One on Ones with the Awesome List
Say you're a people manager. That means you are doing weekly 1-1 meetings with each of your employees, right? If you aren't doing that, you should be - it's the best way to ensure that everyone is on the same page.
Now you're in a conference room one on one, two people for a minimum of twenty minutes every week (hopefully thirty minutes at least). What do you talk about? This is particularly confusing for the newly-minted manager. The last thing you want is for the weekly 1-1s to be a source of stress for everyone involved.
The solution to this awkwardness is a simple meeting agenda. Basically you just need to bring a little structure to the process and prime the discussion pump. Here's how it works: give your employees a simple template for them to fill out every week. Ask them to submit it via email no later than 24 hours before your scheduled 1-1 meeting. Then, when you go in to that meeting, you've already got an agenda to work from.
In my team we call this the 'Awesome List'. I was lucky to have a really great manager when I started working on the team as an individual contributor a few years back. She introduced me to the agenda idea, which was then called the '1-1 worksheet'. When I took over the group a few months back one of my employees mentioned that a 'worksheet' sounded too much like a school assignment. That's why I changed the name to Awesome List. Because really, who doesn't want to fill out their awesome list every week? It's a chance to be awesome!
The key point about the awesome list is it's super simple and as low-overhead as possible. It should just be straight text that you can paste in to an email with a minimum of fuss. Here's a good starting point:
From: Awesome Team Member <firstname.lastname@example.org> To: Awesome Manager <email@example.com> Subject: Phil's Awesome List 2/5/12 Things I Did Last Week: Kept things awesome Reduced outages Met with developers about project X Things I Plan on Doing This Week: Develop a metric to track awesomeness Meet with Bob the developer about Feature Z Finish project docs on the twiki Items To Discuss: I'm taking vacation the week of March 3 Concerned about of lack of communication with QA Improving process to order new servers
Seriously, that's all there is too it. Don't over think this thing.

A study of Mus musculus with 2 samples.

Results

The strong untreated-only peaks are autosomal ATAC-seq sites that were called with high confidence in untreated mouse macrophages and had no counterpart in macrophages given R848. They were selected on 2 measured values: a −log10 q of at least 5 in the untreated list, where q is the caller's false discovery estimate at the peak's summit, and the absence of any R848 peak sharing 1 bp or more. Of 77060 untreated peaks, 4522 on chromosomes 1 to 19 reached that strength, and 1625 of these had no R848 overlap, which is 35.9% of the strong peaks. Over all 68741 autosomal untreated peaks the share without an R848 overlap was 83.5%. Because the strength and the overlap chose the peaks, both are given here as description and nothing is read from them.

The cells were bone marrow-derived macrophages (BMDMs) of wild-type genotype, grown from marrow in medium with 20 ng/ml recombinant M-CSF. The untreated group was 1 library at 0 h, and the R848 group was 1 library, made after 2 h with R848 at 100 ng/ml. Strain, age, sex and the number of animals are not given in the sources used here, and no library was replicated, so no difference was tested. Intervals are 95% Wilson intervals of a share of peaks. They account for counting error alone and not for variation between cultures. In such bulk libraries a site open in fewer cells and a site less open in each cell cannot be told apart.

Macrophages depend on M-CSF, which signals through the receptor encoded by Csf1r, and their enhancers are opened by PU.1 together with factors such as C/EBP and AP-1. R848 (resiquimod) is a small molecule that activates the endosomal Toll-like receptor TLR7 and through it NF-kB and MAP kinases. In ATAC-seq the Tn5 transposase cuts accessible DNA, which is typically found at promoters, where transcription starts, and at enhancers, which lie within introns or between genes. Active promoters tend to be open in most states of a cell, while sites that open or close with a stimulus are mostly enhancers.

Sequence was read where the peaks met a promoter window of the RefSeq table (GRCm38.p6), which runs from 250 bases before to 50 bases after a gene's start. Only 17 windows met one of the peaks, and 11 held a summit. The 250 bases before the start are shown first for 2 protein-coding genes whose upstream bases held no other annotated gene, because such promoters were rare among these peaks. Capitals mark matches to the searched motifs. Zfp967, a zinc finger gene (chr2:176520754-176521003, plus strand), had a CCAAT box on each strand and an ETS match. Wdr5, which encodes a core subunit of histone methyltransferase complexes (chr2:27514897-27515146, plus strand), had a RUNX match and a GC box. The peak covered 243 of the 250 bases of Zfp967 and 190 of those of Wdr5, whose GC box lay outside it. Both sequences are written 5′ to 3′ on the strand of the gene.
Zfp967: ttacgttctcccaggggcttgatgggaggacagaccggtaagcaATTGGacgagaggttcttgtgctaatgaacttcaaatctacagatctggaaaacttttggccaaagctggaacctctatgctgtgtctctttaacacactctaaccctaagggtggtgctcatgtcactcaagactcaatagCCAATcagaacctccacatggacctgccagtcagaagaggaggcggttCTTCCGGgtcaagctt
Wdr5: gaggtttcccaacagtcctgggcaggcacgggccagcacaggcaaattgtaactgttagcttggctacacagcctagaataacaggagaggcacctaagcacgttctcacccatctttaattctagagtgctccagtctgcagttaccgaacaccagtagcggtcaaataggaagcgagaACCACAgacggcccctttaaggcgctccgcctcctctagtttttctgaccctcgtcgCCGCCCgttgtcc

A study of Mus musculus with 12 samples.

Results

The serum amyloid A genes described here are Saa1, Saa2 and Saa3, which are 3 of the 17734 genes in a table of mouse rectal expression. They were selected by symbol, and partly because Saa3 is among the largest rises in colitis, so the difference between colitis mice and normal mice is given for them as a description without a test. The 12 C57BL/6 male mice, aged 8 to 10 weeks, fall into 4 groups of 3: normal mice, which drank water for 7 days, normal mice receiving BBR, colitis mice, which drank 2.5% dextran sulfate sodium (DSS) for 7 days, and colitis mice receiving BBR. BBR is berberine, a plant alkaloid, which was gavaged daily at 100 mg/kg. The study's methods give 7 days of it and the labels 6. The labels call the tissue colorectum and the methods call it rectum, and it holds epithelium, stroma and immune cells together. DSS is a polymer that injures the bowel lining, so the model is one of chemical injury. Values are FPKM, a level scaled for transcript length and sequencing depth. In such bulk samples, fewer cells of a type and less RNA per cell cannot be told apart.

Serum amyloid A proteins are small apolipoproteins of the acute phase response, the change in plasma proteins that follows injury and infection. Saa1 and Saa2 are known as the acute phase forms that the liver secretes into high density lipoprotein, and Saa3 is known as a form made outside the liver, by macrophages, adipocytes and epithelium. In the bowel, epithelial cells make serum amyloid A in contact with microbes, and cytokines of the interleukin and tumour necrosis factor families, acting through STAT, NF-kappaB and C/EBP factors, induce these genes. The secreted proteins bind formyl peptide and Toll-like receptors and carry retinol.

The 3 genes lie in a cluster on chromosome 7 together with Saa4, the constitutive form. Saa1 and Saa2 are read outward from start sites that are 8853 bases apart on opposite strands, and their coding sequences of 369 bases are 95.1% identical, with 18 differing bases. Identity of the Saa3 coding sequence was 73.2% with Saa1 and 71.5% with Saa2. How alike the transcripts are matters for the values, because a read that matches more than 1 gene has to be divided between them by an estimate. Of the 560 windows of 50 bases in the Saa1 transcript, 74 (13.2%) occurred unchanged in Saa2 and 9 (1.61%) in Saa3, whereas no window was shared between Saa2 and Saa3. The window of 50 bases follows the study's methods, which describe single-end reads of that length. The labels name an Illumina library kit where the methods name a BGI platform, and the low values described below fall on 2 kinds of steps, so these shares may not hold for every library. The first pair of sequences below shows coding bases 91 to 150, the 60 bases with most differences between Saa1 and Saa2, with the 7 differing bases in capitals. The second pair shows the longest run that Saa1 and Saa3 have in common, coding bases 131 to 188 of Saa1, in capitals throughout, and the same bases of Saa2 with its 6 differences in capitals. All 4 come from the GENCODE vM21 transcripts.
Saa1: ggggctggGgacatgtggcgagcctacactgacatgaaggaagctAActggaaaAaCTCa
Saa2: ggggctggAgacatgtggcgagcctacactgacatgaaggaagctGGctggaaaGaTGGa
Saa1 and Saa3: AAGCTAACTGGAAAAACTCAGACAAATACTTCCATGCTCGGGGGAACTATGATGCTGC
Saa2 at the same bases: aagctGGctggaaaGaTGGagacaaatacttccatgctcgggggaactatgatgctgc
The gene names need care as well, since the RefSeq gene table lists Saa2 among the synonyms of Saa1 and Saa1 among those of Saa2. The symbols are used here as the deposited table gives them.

Using the Awesome List
If you are a manager, give all your employees a sample awesome list. Ask them to please submit their weekly awesome lists the day before your 1-1 meetings. Then, use it as the agenda for your meeting.
If you are an individual contributor and you don't currently use an agenda for your 1-1s with your manager, write up an awesome list for your next meeting and mail it to your manager. Ask if you can use it every week, and encourage your manager to adopt it uniformly.
It's important to note that the Awesome List can also be used as a stand-in in case you can't meet some particular week. I encourage my team members to submit it every week, whether we are meeting or not. That way I can respond via email to any urgent problems or things I need clarification on.
The thing I really like about the Awesome List (other than the name of course) is the simplicity. It's the simplest possible agenda you can come up with for your 1-1 meetings. At the same time, it provides enough structure to keep the meetings flowing and not leave anyone sitting there feeling uncomfortable. Particularly for new people managers this helps tremendously.
I also like the fact that it gives you a passive way as an employee to ensure your concerns are heard. Some times you will have uncomfortable or unpleasant things to discuss with your manager. It's all too easy to think to yourself, "oh, I'll bring that up next week".
However, it's much easier to slot a reminder about the issue on your Awesome List. Then, when you are in the meeting with your manager it's out of your control, you have to talk about it. Used correctly this can be really useful and takes the pressure off everyone.
So that's all I have to say about the Awesome List. I encourage all of you to use it for your 1-1 meetings. If you aren't having 1-1s, start now and use the Awesome List. It will really help make communication flow and ensure nobody is left frustrated.
@ohlol reminded me about The Rands Test. In that post, @rands brings up the excellent point that the 1-1 meeting should not be completely driven by day-to-day status updates. Instead, those status updates should serve as a jumping-off point for a larger discussion.
That's actually how I use the Awesome List but I didn't make that completely clear in the original version of this article. I agree that 1-1 meetings shouldn't be just about status updates. Thus when you have your meeting, make sure you don't get bogged down in the minutiae. Make sure to expand the discussion from the tactical to the strategic.